Campus

‘Mobius Houston’ first temporary art piece in new program


"Mobius Houston" consists of three large pieces of acrylic glass, combining light cast through them into new colors. | McKenzie Misiaszek/The Cougar

“Mobius Houston” consists of three large pieces of acrylic glass, combining light cast through them into new colors. | McKenzie Misiaszek/The Cougar

A new art piece will be officially unveiled Oct. 11, but students can already go by Wilhelmina’s Grove, outside the Moores School of Music, and view the colorful display.

The piece consists of three large pieces of acrylic glass of different colors, which the sun shines through to create varying colored shadows.

The sculpture is 11-feet tall and 22-feet wide, and students are allowed to walk through the acrylic pieces.

“I think public art is really important, and there should be more of it,” Uruguayan artist Marta Chilindrón said, “not just at universities but all over the city.”

The Public Art of the UH System commissioned Chilindrón in fall 2018 to recreate her collapsible, colorful and significantly smaller sculptures at a level she had never done before.

The work is called “Mobius Houston,” because it is reflective of her other pieces, which are mobius strips, even though this one technically isn’t.

“It symbolizes infinite,” Chilindrón said. “It’s almost like it symbolizes everything we don’t know. I thought maybe in the university it is a good idea because the idea of knowledge and you can always keep learning.”

The sculpture was made in Houston and the site where it will sit for the next six months has been under preparation for the 5,000 pound sculpture since the summer.

“Public art is actually Public Art of the University of Houston System, so that gives us the opportunity to tour the work in our other campuses as well,” said María C. Gaztambide, Public Art UHS director and chief curator. “So we’re hoping it will reside, at least temporarily, in one of our other system-wide campuses.”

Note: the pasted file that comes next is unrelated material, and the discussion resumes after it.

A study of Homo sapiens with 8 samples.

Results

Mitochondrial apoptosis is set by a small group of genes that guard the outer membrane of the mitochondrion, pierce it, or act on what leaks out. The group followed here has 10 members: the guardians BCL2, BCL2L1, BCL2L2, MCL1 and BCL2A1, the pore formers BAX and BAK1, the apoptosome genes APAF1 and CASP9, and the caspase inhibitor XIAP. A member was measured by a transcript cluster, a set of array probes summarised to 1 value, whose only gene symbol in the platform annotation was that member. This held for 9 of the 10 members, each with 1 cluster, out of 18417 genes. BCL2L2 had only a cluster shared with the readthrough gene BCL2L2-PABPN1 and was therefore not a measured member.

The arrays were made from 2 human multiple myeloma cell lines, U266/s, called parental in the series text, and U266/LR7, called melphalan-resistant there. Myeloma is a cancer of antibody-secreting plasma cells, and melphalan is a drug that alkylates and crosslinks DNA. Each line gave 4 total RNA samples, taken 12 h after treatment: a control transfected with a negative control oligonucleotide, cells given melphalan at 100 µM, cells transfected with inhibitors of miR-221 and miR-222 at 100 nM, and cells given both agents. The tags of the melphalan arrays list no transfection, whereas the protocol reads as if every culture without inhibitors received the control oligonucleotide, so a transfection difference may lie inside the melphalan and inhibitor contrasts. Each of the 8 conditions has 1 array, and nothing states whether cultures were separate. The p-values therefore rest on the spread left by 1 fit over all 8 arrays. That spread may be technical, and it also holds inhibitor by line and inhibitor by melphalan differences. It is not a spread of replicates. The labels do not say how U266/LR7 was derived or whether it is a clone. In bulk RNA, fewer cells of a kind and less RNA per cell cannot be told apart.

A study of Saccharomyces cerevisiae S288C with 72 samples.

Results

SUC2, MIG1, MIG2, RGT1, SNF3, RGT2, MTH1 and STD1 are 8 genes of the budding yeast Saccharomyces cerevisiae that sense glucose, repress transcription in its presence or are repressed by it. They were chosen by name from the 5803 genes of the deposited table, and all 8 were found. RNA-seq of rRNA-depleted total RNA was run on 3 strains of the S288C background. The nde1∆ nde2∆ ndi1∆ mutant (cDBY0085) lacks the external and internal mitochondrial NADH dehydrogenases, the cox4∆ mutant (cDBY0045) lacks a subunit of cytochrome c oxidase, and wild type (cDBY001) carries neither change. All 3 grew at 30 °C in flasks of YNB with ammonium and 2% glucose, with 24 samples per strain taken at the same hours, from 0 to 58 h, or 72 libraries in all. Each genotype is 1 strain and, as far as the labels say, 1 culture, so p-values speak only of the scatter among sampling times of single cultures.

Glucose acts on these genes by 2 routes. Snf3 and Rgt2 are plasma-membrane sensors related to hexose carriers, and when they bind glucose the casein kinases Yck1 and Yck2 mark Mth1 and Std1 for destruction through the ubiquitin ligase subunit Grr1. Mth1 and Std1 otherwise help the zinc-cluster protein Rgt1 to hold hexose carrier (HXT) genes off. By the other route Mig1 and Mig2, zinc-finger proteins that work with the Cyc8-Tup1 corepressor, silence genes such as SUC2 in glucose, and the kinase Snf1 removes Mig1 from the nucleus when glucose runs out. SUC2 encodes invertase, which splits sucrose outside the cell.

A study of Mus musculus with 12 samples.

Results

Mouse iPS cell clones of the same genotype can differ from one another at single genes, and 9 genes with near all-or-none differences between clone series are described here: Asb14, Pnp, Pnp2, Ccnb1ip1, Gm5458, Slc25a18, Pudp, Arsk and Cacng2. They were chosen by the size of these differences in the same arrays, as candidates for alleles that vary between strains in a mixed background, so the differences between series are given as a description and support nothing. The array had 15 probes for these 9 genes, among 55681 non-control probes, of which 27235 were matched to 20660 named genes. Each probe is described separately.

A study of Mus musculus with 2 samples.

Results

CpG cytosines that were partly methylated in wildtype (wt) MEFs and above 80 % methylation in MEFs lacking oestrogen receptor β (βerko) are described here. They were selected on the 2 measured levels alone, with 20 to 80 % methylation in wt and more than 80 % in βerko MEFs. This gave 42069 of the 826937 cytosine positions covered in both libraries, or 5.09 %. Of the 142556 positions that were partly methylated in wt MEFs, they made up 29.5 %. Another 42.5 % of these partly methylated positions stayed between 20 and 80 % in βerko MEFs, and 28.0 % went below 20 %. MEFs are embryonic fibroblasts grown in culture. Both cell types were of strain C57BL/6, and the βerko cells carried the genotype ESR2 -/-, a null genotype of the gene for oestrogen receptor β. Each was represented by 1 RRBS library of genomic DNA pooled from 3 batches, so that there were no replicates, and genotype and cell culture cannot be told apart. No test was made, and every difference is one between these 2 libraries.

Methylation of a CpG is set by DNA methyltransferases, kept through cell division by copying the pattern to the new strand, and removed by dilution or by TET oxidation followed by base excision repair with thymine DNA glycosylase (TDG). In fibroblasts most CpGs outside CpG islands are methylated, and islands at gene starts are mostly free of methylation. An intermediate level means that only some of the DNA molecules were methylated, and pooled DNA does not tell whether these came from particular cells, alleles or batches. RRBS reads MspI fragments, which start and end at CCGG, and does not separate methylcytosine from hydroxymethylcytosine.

Gaztambide specializes in Latin American art and said she has known about Chilindrón’s work for a while.

“There’s a strong legacy of geometric art in Latin America, and there’s a number of contemporary artists that continue to revisit that tradition and expand and build on that,” Gaztambide said. “Marta is the most highly regarded artist working in that vein.”

Gaztambide and Chilindrón are not sure about how the sculpture will hold up, as Chilindrón has never made a sculpture that will stay outside as long as “Mobius Houston,” but they are confident students will enjoy it.

If the piece does not hold up well, after the six months is done, it can be moved inside.

When the sculpture is officially reveled on Oct 11 it will have six months until it is moved to another part of the UH System. They do not yet know where it will go next.

When it leaves, another art piece will replace it as part of the new temporary public art program.